According to a new AAA Foundation for Traffic Safety survey released this month, most drivers (95.1 percent) perceive driving after drinking as very or extremely dangerous. However, almost 11 percent admitted to having done so in the past 30 days.
Meanwhile, the survey found that 70 percent of respondents consider driving within an hour after using marijuana to be very or extremely dangerous. But more than 7 percent of respondents personally approve of driving shortly after using marijuana.
The survey found that Millennial (ages 25-39) respondents were the most likely generational cohort to report driving within one hour after using marijuana in the past month (13.7 percent), followed by Generation Z at 10 percent.
Dr. David Yang, the AAA Foundation’s executive director, noted in a statement that the impairing effects of marijuana are usually experienced within the first one to four hours after using the drug. Additionally, marijuana users who drive high are up to twice as likely to be involved in a crash, he explained.
“Marijuana can significantly alter reaction times and impair a driver’s judgment. Yet, many drivers don’t consider marijuana-impaired driving as risky as other behaviors like driving drunk or talking on the phone while driving,” Yang noted, pointing out that the survey found 7 percent of the licensed drivers it polled “approved” of driving after recently using marijuana – more than other dangerous behaviors such as alcohol-impaired driving at 1.6 percent, drowsy driving at 1.7 percent, and prescription drug-impaired driving at 3 percent.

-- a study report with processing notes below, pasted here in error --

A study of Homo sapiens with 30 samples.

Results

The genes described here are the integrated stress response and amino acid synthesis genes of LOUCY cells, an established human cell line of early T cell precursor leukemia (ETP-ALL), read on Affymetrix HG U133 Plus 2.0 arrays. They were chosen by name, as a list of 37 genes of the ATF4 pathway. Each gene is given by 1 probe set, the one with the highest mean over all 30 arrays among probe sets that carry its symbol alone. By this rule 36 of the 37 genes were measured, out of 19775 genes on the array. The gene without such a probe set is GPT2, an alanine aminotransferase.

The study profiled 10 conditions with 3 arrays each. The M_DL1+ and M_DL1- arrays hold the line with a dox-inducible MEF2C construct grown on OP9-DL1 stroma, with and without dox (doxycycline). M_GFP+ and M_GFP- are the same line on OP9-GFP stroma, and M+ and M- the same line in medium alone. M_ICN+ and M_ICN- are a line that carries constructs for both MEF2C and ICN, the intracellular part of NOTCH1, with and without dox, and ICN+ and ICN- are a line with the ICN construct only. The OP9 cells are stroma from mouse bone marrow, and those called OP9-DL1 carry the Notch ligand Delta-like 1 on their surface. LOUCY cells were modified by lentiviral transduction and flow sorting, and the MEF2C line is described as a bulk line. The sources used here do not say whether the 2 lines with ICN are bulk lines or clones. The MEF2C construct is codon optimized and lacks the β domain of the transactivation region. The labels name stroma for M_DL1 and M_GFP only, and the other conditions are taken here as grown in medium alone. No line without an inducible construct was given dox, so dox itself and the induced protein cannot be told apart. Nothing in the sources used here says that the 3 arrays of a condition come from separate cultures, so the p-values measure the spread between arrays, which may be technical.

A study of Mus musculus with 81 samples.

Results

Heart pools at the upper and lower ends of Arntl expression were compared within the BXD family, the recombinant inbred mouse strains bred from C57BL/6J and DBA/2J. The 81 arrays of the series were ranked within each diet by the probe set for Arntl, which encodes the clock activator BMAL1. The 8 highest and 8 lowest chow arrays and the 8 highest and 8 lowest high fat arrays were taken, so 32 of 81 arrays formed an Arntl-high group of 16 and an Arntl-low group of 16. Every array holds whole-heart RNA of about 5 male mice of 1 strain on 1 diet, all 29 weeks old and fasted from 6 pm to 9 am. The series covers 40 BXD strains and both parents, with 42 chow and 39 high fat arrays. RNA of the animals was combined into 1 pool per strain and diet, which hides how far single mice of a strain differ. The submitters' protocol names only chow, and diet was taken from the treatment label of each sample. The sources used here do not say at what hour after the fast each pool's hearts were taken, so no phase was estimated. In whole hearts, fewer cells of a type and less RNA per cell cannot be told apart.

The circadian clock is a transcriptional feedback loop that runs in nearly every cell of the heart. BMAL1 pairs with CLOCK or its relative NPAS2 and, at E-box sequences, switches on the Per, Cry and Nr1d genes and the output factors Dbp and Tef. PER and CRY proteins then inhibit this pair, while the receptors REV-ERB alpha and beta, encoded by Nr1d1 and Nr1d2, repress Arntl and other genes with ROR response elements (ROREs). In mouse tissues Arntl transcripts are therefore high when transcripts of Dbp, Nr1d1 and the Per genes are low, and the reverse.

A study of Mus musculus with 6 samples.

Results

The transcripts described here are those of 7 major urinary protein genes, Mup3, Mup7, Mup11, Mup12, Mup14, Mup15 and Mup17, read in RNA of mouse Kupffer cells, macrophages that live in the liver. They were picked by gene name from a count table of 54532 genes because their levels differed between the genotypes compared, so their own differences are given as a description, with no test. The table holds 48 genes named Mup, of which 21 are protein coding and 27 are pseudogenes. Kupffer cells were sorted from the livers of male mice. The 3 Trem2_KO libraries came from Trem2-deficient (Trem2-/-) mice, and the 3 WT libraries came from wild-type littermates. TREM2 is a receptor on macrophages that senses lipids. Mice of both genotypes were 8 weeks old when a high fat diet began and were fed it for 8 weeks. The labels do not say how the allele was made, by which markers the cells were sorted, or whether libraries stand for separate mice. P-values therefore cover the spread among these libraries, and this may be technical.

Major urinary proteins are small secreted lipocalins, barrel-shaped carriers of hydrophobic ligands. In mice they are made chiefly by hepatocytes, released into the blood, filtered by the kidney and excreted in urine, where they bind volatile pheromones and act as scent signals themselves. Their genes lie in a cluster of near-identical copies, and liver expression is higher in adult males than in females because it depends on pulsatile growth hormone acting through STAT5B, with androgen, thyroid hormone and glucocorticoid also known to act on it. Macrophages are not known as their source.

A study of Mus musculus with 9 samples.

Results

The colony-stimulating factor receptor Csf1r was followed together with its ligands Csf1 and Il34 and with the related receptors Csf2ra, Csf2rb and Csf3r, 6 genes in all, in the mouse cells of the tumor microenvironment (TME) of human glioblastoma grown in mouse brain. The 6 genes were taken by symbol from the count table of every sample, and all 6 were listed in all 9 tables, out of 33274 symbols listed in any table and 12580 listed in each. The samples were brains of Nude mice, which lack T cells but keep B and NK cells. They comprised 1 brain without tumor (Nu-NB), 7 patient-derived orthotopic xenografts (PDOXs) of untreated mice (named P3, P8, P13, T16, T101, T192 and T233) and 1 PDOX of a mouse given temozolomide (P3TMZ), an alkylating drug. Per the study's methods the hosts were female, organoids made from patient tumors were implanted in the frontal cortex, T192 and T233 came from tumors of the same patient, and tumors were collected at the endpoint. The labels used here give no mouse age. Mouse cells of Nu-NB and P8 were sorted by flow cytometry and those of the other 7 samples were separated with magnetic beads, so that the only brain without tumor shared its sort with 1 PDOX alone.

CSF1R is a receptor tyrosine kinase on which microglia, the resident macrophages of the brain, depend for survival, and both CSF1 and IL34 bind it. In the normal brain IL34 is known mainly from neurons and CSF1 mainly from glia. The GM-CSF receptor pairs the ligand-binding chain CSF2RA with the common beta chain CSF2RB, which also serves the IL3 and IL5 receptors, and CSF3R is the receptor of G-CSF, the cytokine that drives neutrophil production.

“It is important for everyone to understand that driving after recently using marijuana can put themselves and others at risk,” he added.
AAA also noted that law enforcement officers categorized as Drug Recognition Experts report that marijuana is now the most frequently identified drug category and that since 2015 the number of drivers arrested by DREs for using marijuana has increased 20 percent.
AAA’s survey follows on the heels of two other studies released last year that showed that motor vehicle crashes were up by as much as 6 percent in Colorado, Nevada, Oregon, and Washington, which have all legalized marijuana for recreational use, compared to neighboring states that have not.
The new survey results are part of the AAA Foundation’s annual Traffic Safety Culture Index, which identifies attitudes and behaviors related to traffic safety. The survey data are from a sample of 2,582 licensed drivers ages 16 and older who reported driving in the past 30 days.